As if being a woman wasn’t hard work already, there’s a long list of medical concerns that we have to think of. While some of them are more common than others, there’s also a few that you might not even know to be aware of. On the list, you’d find endometriosis, uterine fibroids, and interstitial cystitis. Not so commonly spoken about, this list also includes PCOS which brings us to the reason you’re reading this article! Here are the 4 things to know about PCOS.
What does PCOS stand for and what is it?
Often referred to as PCOS, this acronym stands for polycystic ovary syndrome. This condition is characterized by enlarged ovaries that have small cysts on them. This is often caused by hormonal changes.
What symptoms to look for?
Since polycystic ovary syndrome is caused by hormonal changes, you can expect to see symptoms that follow in the same manner. The symptoms of PCOS fall in a few different categories, ranging from changes in weight to your skin.
When it comes to issues with the skin, you might experience oily and acne-prone skin. This could also be joined by facial hair. Those with PCOS might notice weight gain to the point where they become overweight. As women, we could also expect that the symptoms would play a role in our menstrual cycle. Menstrual irregularities could range from short, light periods to abnormally heavy ones. Some other common symptoms are depression and infertility.
Who is affected by PCOS?
Polycystic ovary syndrome is a condition that can affect women of all ages. It is more common in women ages 14 to 60, it is possible for girls ages 6 to 13 and women over 60 to develop PCOS. While race plays no role in whether you develop PCOS, factors such as weight and genetics can affect whether you will develop PCOS and your lifetime. Polycystic ovary syndrome is more likely to occur in women who are overweight and women who have had a female relative with this syndrome.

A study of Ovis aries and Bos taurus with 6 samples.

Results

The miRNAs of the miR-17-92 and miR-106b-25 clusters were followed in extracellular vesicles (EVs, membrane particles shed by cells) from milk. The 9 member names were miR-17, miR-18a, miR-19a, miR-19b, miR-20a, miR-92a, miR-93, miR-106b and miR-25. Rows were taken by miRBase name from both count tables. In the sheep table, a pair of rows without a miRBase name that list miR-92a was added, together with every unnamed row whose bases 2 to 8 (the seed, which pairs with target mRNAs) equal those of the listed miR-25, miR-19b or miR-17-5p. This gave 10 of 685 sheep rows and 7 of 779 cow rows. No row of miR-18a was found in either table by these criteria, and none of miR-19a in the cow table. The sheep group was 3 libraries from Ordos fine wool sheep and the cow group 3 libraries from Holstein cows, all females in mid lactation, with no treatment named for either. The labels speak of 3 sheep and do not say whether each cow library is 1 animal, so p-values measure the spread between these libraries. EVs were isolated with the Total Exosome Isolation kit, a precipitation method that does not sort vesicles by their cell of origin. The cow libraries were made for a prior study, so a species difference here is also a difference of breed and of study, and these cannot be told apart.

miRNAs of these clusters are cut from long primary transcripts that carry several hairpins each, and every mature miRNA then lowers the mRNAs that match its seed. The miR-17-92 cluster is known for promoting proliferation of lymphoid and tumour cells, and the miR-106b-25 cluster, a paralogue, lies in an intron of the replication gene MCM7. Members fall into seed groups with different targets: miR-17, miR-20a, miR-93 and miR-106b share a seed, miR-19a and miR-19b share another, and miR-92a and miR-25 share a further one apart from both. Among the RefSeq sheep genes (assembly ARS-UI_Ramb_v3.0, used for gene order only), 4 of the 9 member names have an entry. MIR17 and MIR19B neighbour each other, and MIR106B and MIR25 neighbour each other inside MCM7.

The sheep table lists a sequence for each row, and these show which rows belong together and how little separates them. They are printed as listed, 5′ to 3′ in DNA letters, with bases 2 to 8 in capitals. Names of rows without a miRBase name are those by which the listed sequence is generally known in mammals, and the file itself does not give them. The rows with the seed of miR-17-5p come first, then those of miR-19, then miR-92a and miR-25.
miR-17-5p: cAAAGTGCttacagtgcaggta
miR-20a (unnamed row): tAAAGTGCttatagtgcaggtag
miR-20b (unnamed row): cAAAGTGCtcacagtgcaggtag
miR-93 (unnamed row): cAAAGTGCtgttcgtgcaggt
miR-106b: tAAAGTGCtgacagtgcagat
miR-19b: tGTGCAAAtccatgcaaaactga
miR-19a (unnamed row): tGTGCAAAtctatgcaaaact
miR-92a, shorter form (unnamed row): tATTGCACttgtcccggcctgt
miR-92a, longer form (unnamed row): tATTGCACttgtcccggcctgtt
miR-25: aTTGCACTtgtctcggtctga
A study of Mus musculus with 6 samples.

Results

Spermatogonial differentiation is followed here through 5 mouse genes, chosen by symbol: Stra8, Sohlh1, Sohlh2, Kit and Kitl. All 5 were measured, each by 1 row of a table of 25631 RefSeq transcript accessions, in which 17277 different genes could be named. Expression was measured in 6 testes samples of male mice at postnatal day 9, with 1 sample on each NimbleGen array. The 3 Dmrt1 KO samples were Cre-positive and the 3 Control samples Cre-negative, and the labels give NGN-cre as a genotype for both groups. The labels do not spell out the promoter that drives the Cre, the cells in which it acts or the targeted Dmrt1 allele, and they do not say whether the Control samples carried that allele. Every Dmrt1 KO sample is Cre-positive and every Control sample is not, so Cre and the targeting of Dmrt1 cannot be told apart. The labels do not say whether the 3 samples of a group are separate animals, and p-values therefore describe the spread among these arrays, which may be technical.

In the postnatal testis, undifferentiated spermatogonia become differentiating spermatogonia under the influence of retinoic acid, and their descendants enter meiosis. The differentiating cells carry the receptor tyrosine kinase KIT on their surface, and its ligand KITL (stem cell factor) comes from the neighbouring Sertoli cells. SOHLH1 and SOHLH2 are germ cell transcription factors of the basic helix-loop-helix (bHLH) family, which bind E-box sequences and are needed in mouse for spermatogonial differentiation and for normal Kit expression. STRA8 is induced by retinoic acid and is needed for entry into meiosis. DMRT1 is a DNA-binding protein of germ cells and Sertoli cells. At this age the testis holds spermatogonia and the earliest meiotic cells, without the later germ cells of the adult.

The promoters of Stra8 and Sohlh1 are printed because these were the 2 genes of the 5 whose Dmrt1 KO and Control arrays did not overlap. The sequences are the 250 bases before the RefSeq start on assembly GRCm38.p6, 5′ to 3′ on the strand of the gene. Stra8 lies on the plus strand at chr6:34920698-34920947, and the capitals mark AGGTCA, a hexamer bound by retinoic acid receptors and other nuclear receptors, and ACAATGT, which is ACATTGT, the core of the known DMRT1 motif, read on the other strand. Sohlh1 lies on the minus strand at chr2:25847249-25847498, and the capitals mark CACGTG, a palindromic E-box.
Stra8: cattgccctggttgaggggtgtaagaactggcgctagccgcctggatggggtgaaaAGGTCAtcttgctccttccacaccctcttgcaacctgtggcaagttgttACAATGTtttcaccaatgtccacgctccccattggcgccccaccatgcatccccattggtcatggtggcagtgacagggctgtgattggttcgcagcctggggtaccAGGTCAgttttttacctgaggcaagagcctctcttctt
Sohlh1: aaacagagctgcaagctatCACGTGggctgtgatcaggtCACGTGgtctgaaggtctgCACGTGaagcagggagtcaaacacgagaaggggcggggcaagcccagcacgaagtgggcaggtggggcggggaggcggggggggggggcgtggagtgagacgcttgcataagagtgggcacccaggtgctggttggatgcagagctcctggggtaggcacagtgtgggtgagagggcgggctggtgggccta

How do you treat PCOS?
Since PCOS can cause infertility in women, many women are anxious to know ways in which you can be treated. Because the condition is largely hormonal, it is treated with hormones. Birth control pills might be given to women whose PCOS causes irregular periods.
The condition can also lead to diabetes in women so some women might be given the diabetes medication, metformin, to help prevent it. In addition to these common treatments, women might be given medications to lower their cholesterol due to the weight gain or hormones to help with infertility. Often times, women will undergo hair removal procedures for any unwanted hair, specifically facial hair.
While these are all things you need to know about PCOS, it is also necessary for you to know that the condition cannot be cured. Although there are many treatment options to help manage it, you’d simply be managing it. If you develop PCOS, the best rule of thumb is to talk to your doctor about the easiest ways in which you can manage it.